LOS ANGELES — Gap’s 1969 brand is embracing denim diversity.
From her perch at loft offices in an industrial area here where the premium denim movement took root, 1969’s creative director Rosella Giuliani is orchestrating Gap’s premium collection’s efforts to stay in stride or ahead of the denim fashion curve by broadening its range of colors, fabrics and lengths. Her challenge is to keep the retailer’s denim relevant and continue the momentum of 1969, which started two years ago after a major rethinking of Gap jeans’ fit and positioning. The collection is considered a bright spot in Marka Hansen’s spotty tenure at the helm of Gap North America, which ended with Art Peck taking the reins last month.
With the launch of 1969, Giuliani, the former Seven For All Mankind vice president of design and merchandising who returned last May to the company where she spent eight years in her early career, said Gap sounded “the message loud and clear” that it could offer “a really great premium denim line at an affordable and accessible price” range from $59 to $89. “Our goal is to take it even further,” she added. “The variety has definitely increased. We offer a lot more jeans. In summer, we have a lot of shorts. We have a lot of capris. We have shirts. We have dresses. It’s more of a complete sportswear collection that happens to be made in denim fabric.”
Expanding 1969’s color palette was a key focus of Giuliani’s. More shades of gray, white and pale blue will supplement traditional indigo. Heading into the warmer months, Giuliani declared “white is a big idea for us” in bottoms, from shorts to long pants. She also singled out gray from “charcoal to lighter grays as an easy color for a guy to pick up and have as an alternative to a blue jean.”
Giuliani was intent on lightening fabrics and lifting lengths as well. Tencel and linen are incorporated into the denim mix more often, and fabric weights are as low as 6.5 oz. and don’t go above 12.5 oz. And, in what are perhaps Gap’s shortest bottoms ever, 1969 will introduce shorts with 3.5-inch inseams. “It’s still very wearable,” said Giuliani. “There are a lot of [length] options, which I think is good because it gives you different reasons to buy.” Even when discussing pants, she stuck to a shorter theme, pointing out flood-length jeans in flair and legging iterations as important summer styles.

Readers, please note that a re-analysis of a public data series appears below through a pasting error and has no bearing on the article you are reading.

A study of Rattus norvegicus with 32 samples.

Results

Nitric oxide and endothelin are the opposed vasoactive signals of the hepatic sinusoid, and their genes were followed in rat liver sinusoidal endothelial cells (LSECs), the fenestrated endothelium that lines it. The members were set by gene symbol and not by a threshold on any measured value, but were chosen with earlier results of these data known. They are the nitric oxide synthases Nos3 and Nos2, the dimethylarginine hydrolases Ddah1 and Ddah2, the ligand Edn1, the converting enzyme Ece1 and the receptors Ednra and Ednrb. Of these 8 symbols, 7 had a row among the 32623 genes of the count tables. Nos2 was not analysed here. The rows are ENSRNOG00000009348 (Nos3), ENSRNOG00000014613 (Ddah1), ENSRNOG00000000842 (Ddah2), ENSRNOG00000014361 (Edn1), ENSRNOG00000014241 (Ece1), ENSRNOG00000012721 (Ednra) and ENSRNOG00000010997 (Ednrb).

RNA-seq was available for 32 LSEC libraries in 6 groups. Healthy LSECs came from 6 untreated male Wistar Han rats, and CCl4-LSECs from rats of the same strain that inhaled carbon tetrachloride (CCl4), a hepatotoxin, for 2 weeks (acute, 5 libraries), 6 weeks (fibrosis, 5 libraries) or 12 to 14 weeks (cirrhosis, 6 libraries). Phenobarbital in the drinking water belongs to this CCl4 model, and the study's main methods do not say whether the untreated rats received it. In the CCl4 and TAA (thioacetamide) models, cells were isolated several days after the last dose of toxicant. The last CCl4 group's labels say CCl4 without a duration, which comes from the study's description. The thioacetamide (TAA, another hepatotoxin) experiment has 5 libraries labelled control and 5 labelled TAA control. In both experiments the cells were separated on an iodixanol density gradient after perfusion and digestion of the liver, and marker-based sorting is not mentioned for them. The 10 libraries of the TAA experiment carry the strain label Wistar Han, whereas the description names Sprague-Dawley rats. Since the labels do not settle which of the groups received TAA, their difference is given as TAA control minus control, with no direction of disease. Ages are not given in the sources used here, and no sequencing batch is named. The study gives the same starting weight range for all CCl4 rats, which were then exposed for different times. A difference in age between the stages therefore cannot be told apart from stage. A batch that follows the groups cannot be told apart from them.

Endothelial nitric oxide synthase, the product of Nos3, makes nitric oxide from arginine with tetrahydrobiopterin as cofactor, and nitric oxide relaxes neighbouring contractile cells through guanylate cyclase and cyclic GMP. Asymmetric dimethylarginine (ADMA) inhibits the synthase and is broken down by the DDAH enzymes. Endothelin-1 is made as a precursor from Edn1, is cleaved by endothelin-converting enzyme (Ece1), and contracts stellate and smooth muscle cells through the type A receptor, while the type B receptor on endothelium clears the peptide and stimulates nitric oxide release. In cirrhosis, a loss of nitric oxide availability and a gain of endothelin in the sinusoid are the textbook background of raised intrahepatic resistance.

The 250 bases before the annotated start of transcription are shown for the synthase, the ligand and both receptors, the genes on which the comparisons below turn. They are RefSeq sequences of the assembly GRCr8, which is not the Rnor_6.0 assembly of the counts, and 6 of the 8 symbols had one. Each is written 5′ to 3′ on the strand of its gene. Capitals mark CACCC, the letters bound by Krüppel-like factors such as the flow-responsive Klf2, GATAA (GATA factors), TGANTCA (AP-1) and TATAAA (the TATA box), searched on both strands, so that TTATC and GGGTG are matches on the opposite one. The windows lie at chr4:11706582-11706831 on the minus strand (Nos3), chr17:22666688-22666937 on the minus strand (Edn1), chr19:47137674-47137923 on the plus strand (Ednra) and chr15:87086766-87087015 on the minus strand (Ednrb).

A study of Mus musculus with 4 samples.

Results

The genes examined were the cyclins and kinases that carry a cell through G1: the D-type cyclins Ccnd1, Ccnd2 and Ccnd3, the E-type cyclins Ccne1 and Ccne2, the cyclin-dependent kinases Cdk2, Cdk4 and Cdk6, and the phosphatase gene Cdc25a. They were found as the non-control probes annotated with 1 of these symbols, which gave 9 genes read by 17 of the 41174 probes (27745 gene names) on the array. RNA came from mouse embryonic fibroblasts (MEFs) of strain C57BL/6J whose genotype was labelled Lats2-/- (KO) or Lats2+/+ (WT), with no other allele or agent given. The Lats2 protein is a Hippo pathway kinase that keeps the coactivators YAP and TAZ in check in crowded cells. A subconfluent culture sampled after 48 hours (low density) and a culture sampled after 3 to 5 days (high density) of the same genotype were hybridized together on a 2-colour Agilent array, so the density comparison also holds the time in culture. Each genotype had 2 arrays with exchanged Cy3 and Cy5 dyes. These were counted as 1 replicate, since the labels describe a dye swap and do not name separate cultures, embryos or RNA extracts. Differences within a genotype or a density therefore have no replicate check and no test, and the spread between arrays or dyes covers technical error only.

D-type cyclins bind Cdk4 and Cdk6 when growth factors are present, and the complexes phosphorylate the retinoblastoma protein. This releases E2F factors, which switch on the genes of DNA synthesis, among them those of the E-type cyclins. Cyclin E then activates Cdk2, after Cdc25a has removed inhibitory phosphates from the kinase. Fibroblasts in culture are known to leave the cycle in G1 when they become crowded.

Elevating 1969’s sophistication level could give Gap the ability to nudge consumers to the higher-priced items in the collection as rising cotton costs gut margins on the lower end of the price spectrum and move 1969 beyond denim if the brand cultivates a premium identity enough to sustain subsequent categories. An early test could come this fall, when there’s the possibility of a capsule sportswear collection, which would most likely enter 1969 stores in Los Angeles and New York first. “The foundation has to be denim, and then as we are exploring these other categories, it is what works the best with the denim and what is going to complement it,” said Giuliani.
The two 1969 stores are the only ones planned for the brand at the moment. They serve as laboratories for the brand’s design and merchandising team, which is culled from veterans of various retailers and denim brands such as American Eagle Outfitters, Guess, Abercrombie & Fitch, Levi Strauss & Co., AG Adriano Goldschmied and Giuliani’s former employer Seven. For instance, a superskinny fit was vetted at the 1969 locations before recently spreading out across the Gap chain, and a slouchy slim fit has now passed inspection at the 1969 stores in order to get the go-ahead for a summer entrance into the Gap stores.
The pressures on Giuliani are multiple. Turning Gap stores into trusted denim destinations has been a top priority for the retailer and is viewed as essential to lifting store performance. Gap North America’s same-store sales dipped 2 percent in the fourth quarter ended Jan. 29 and chief executive officer Glenn Murphy noted in a conference call discussing the quarter’s results that consistent product execution has been an issue. “We’re still not there, and our brand presidents know that, our merchants know that, our designers know that,” he said.
“People are buying Gap denim again,” said Christine Chen, a senior retail and apparel analyst at Needham & Co. In order to keep people buying denim, she continued, Gap needs “to continue to innovate and be on-trend with where the trends are going in denim.”
As Gap shores up its Global Creative Center in New York under the management of Pam Wallack, Giuliani has already taken over creative responsibility for denim across the globe out of the Los Angeles office and explained that means ensuring there’s “one global line for everybody.” She reports to executive vice president of design Patrick Robinson and Peck.
Guiliani described herself as excited for the leadership Peck, who she said she’s “known for many years,” brings to the table and the future of 1969 as a well-rounded resource. “Hopefully, people will start seeing it as a whole bigger collection, and really see where we’re taking it forward,” she said. “It’s not just about coming in and getting a weekend jean or something to throw around because it’s a great price, but it’s something that you can actually go out in and feel dressed up in.”